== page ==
Thomas: John Lewis funeral was a political event
Traditionally, funerals are supposed to serve at least three purposes: honor the life of the deceased, comfort those who mourn his passing and preach a message about eternity and the brevity of life.
Tradition was discarded during John Lewis’ funeral last week in Atlanta. Like the memorial service of the late Sen. Paul Wellstone (D-MN) in 2008, the Lewis service was a political event that included veiled denunciations of President Trump. There were allegations of voter suppression by Republicans and a comparison of Trump by former President Obama to the late Alabama governor and segregationist, George Wallace.
On that last point, it was Wallace who stood in a schoolhouse door 1963 in an effort to stop African Americans from entering the University of Alabama. Today’s Democrats have it reversed. They are blocking poor kids from escaping failed public schools, bowing to the desires of teachers’ unions that support and contribute campaign money to Democratic politicians.
Presumably, President Obama would not have been opposed to President Eisenhower’s decision in 1957 to send the 101st Airborne Division to Little Rock, Arkansas, to protect nine black students entering Central High School.
Someone should ask the former president if he approved of President John F. Kennedy’s decision on May 21, 1961 to send 300 federal marshals to Montgomery, Alabama, to keep order after race riots broke out when then-governor John Patterson said he could not guarantee the peace.
President Obama apparently ignored another historical event in which federal forces were used to achieve a civil rights goal. On September 20, 1962, James Meredith attempted to register as a student at the University of Mississippi. The entrance was blocked and rioting erupted. Attorney General Robert Kennedy sent 500 U.S. Marshals to the school. President Kennedy sent military police, troops from the Mississippi National Guard and even U.S. Border Patrol officials.
Is President Obama OK with President Kennedy’s decision on June 11, 1963 to federalize Alabama National Guard troops to end then-governor George Wallace’s blockade of African Americans attempting to enter the University of Alabama?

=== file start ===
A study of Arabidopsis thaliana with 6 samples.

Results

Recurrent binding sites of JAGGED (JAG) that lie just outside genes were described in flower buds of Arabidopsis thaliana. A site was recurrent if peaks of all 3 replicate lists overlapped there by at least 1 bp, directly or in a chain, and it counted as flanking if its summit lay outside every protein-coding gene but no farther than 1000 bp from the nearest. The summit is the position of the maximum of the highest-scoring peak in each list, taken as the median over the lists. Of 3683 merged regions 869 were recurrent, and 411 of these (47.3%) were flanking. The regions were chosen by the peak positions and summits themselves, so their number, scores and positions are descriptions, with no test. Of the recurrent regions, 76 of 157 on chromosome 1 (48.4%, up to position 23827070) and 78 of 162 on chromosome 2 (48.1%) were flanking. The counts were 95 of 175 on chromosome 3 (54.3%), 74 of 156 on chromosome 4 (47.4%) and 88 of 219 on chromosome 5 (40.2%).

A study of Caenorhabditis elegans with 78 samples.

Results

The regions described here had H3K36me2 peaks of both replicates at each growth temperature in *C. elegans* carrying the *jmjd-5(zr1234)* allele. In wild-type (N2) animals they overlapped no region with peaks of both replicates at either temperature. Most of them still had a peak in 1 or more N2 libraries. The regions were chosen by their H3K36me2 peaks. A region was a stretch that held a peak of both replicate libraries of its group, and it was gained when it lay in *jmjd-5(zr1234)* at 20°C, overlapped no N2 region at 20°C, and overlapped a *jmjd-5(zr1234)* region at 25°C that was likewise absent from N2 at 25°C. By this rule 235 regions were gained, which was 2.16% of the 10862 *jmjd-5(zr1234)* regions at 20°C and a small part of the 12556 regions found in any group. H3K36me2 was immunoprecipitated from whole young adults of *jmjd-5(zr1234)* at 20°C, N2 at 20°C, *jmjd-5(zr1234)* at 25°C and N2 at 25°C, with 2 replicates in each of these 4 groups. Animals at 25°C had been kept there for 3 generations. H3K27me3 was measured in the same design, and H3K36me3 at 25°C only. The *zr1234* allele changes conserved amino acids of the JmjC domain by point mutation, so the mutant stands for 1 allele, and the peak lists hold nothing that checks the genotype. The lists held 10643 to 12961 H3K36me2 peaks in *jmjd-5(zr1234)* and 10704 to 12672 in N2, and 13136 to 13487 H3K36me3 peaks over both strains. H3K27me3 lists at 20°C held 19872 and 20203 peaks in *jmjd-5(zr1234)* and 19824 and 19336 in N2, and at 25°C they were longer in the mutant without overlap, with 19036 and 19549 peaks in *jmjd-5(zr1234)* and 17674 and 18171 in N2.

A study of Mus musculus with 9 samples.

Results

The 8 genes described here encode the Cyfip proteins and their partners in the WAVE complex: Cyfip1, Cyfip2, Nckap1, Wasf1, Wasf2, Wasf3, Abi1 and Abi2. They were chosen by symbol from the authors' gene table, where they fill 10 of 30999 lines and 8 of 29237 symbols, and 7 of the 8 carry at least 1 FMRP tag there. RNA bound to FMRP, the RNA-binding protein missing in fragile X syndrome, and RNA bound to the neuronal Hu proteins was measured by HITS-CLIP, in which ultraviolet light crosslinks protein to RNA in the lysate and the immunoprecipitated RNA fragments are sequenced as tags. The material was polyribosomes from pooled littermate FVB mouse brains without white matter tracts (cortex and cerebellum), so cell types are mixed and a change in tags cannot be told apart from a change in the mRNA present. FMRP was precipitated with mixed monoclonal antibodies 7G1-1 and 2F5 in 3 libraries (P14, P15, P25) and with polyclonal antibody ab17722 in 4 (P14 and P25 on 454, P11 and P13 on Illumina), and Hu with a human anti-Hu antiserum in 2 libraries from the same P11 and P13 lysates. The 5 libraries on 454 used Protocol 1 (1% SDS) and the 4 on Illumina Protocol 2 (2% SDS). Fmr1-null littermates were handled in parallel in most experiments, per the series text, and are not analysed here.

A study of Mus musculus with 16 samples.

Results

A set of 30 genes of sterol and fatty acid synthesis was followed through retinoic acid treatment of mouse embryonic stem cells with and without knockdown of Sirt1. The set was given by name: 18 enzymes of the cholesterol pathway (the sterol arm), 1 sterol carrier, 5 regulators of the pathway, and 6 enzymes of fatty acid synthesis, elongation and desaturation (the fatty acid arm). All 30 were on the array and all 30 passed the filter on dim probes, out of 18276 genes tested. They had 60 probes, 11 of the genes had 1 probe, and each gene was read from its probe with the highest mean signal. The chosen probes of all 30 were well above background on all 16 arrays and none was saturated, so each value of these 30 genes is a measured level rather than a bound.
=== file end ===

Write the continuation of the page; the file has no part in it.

On March 20, 1965, President Lyndon Johnson federalized the Alabama National Guard to protect the civil rights March from Selma to Montgomery of which John Lewis was a notable part. President Obama probably favors that decision. A reporter should ask him.
Alabama, Mississippi and Arkansas all had governors at the time who were Democrats and segregationists and yet today’s Democrats claim Trump is a racist.
In his “eulogy,” Barack Obama also mentioned mail-in ballots, the latest effort by Democrats (early voting and no required identification are other efforts) that many believe could open the door to voter fraud.
One pastor at the Lewis funeral even reached back to the Reagan administration and erroneously blamed the 40th president for the poor housing conditions endured by some African Americans.
Democrats and their media allies consistently ignore the fact that Jim Crow Laws, the Ku Klux Klan and other immoralities were all led by Southern Democrats.
John Lewis’ legacy and his brave fight for civil rights will always remain untarnished. But Lewis was also a partisan Democrat, who refused to attend President Trump’s inauguration in 2017 and believed to the end that the Russians helped Trump beat Hillary Clinton, though that would likely have required the infiltration of every precinct and voting machine in America, something not even Lewis claims was possible.
What was even sadder than the politicized funeral service was the applause from attendees, who apparently believe every word that comes from President Obama’s mouth, though none of this kind of talk improves a single life. It makes one wonder why so many African Americans continue to be loyal to the Democratic Party.
Look for Cal Thomas' new book "America's Expiration Date: The Fall of Empires and Superpowers and the Future of the United States" (HarperCollins/Zondervan). Readers may email Cal Thomas at email@example.com. Readers may email Cal Thomas at firstname.lastname@example.org.